KNOCK-KNOCK! WHO’S THERE?
© 2010 by David Wainland
The final hours of my Bar Mitzvah day drew to a close and I was happy beyond my expectations. My performance had gone well, my suit had stayed clean almost to the end and I was the recipient of many gifts including money and the proverbial fountain pen
My parents replenished the kosher groaning table in the living room at least twice. Ben, from Hyme’s deli who had supplied the food was beaming proudly in the corner while he munched on a plate filled with cold cuts from a tray he created.
Throughout the afternoon many of the attendees at our open house were neighborhood merchants, extended members of our family. Not cousins, uncles or aunts, but an army of volunteer guardians who kept an eye on the children of Walton Avenue. Each of the local purveyors called my mother by her first name and that included all the employees at the new Daitch Crystal Dairies supermarket that opened at the end of the war.
My pediatrician/family doctor was there and the dentist who served our family as well as the owner of the drugstore on the corner. It was the same pharmacist twho hired me at eleven to deliver prescriptions and then fired me because I lost twenty dollars. The owner of our local bakery delivered the rolls, bread and cake personally. Then he waited until the first slice of challah was blessed, cut and served.
When everybody left, including my grandparents, who stayed until my mother ushered them out, we changed into our casual clothes. My siblings Jerry and Laurie were already fast asleep and in the eleventh hour of the day, we spilled my gift envelopes of cash, checks and U. S. savings bonds onto the kitchen table.
“Wow,” my first word as I took in the pile. Never before had I seen so much money in one place. I was impressed even though my parents had already explained that my earning, except for the bonds, would be paying for the affair.
“Shush!” exhorted mom, “The kids are sleeping.
“Ten, twenty, thirty, thirty five… “My father began the count while my mother in her kitchen uniform wrote the giver’s names and totals on a lined piece of paper.
“Speak softer Marty; they can hear you in the hall. It’s none of the neighbor’s business.” Mom was always a bit paranoid about privacy matters although at that time none of us knew what paranoid meant.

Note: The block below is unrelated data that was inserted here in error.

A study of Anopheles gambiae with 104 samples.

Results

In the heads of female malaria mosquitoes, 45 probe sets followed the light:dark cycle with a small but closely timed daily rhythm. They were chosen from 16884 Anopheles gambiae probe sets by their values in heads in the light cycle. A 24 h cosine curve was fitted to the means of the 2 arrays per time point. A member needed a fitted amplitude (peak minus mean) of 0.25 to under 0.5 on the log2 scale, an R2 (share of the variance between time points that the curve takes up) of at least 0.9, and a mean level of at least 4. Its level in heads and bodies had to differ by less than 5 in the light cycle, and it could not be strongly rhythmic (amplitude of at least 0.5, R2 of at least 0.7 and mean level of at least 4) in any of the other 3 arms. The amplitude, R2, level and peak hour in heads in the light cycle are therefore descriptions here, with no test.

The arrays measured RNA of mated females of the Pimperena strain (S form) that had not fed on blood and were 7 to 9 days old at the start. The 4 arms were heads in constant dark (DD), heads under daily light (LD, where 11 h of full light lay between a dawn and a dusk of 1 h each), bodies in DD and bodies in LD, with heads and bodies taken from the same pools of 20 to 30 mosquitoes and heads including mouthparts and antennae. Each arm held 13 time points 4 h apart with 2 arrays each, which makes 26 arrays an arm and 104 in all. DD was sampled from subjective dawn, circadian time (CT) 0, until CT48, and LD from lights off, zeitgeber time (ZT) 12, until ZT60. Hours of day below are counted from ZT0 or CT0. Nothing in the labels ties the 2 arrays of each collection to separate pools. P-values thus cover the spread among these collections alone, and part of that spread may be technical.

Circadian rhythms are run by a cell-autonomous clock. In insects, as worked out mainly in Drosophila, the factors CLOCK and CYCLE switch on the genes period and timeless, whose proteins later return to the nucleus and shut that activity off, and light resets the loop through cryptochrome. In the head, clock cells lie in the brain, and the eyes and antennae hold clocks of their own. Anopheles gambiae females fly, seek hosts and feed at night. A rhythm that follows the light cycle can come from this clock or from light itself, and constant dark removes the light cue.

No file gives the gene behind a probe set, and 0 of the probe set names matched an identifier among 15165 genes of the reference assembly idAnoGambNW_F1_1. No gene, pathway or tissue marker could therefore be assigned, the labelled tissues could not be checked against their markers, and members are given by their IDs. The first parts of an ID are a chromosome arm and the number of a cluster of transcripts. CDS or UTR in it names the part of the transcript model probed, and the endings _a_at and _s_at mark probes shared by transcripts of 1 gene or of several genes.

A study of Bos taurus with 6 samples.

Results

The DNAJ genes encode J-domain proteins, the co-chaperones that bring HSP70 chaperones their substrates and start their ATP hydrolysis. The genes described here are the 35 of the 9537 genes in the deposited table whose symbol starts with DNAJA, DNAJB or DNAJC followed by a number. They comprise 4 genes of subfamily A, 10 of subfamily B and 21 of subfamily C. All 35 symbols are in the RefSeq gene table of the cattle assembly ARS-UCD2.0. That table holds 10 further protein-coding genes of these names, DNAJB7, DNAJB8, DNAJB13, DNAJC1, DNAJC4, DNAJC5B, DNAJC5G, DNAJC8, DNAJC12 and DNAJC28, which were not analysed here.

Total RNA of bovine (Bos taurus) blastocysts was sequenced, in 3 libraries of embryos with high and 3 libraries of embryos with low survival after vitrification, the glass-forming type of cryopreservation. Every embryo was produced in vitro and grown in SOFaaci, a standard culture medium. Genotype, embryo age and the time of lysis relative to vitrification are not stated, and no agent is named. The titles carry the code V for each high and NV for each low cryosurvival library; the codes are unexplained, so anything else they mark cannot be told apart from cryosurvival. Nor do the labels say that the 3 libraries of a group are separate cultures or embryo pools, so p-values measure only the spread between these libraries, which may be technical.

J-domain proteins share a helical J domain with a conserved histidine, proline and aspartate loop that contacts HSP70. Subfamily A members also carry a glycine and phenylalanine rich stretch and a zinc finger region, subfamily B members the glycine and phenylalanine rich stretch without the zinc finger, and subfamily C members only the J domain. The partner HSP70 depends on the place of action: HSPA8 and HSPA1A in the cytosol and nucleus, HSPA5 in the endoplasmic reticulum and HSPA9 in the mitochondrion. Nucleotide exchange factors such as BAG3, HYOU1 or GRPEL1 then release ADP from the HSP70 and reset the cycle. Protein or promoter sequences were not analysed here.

“One hundred, one-ten…” he whispered.
“Louder, now I can’t hear you.”
Dad grimaced, shrugged and continued.
“Four hundred, four-twenty,” he held the last envelope up to the light before he carefully slit it open. “Four hundred and fifty dollars, oh boy, Marion our son has made a killing.”
“Shush, I told you don’t give us the evil eye.”
The doorbell rang.
Mom went white as a sheet.
“Don’t answer it. It’s them. They came to get the money.”
I wondered who the “Mysterious them,” was, though when my father reached into the kitchen drawer and pulled out one of my mother’s sharpest gray steel knives, the answer was suddenly very clear.
“Marion, take the money and go to the back. I’ll check to see who is there. David, stay with your mother.”
I was busy looking for a weapon of my own when he slapped the back of my head.
”You’re a man now. Go to the bedroom with your mother and stay with mommy. It’s your job to protect her.”
My chest swelled with pride. Yes, today I was a man and I had a job to do.
She gathered the cash, checks and bonds into a pile and brushed it with one hand into the white apron she extended with the other, folded it over and sprinted to towards the back of the apartment.
This time there was a loud knocking.
“I’m coming. One minute. Who is it?”
My dad’s voice never showed a tremor of fear. Instead of the bedroom mom slipped into the bathroom and slammed the door behind her. I was left standing in the tiny claustrophobic hall between the two rooms.
“Western Union Telegram,” was the muffled reply through the steel door.
I moved back into the living room, and watched dad walk to the door, slide the chain lock and open it ever so slowly, the knife hidden in his right hand and behind his back.
Then, with a smile of relief he swung it wide. A tan uniformed boy is high boots and cap stood in the frame, yellow envelope in his hand.
“Telegram for David Wainland.”
Dad tucked the knife in the back of his pants, reached into his pocket and with relief sounding in every snap of his mouth he thanked the boy and passed him a quarter. He shut the door, slipped the chain bolt shut and sent me for mom.
I banged on the bathroom door.
“Mom, it was a telegram. It’s ok.”
She opened the door with tremulous fingers and stared over my head with her piercing blue eyes as if to see if everything was as it should be.
Behind her the apron barely peaked out of the commode, wedged between the seat and the bowl. In it was the money, all of it.
We spent the remainder of the night flattening, drying and ironing my first and only Bar Mitzvah fortune.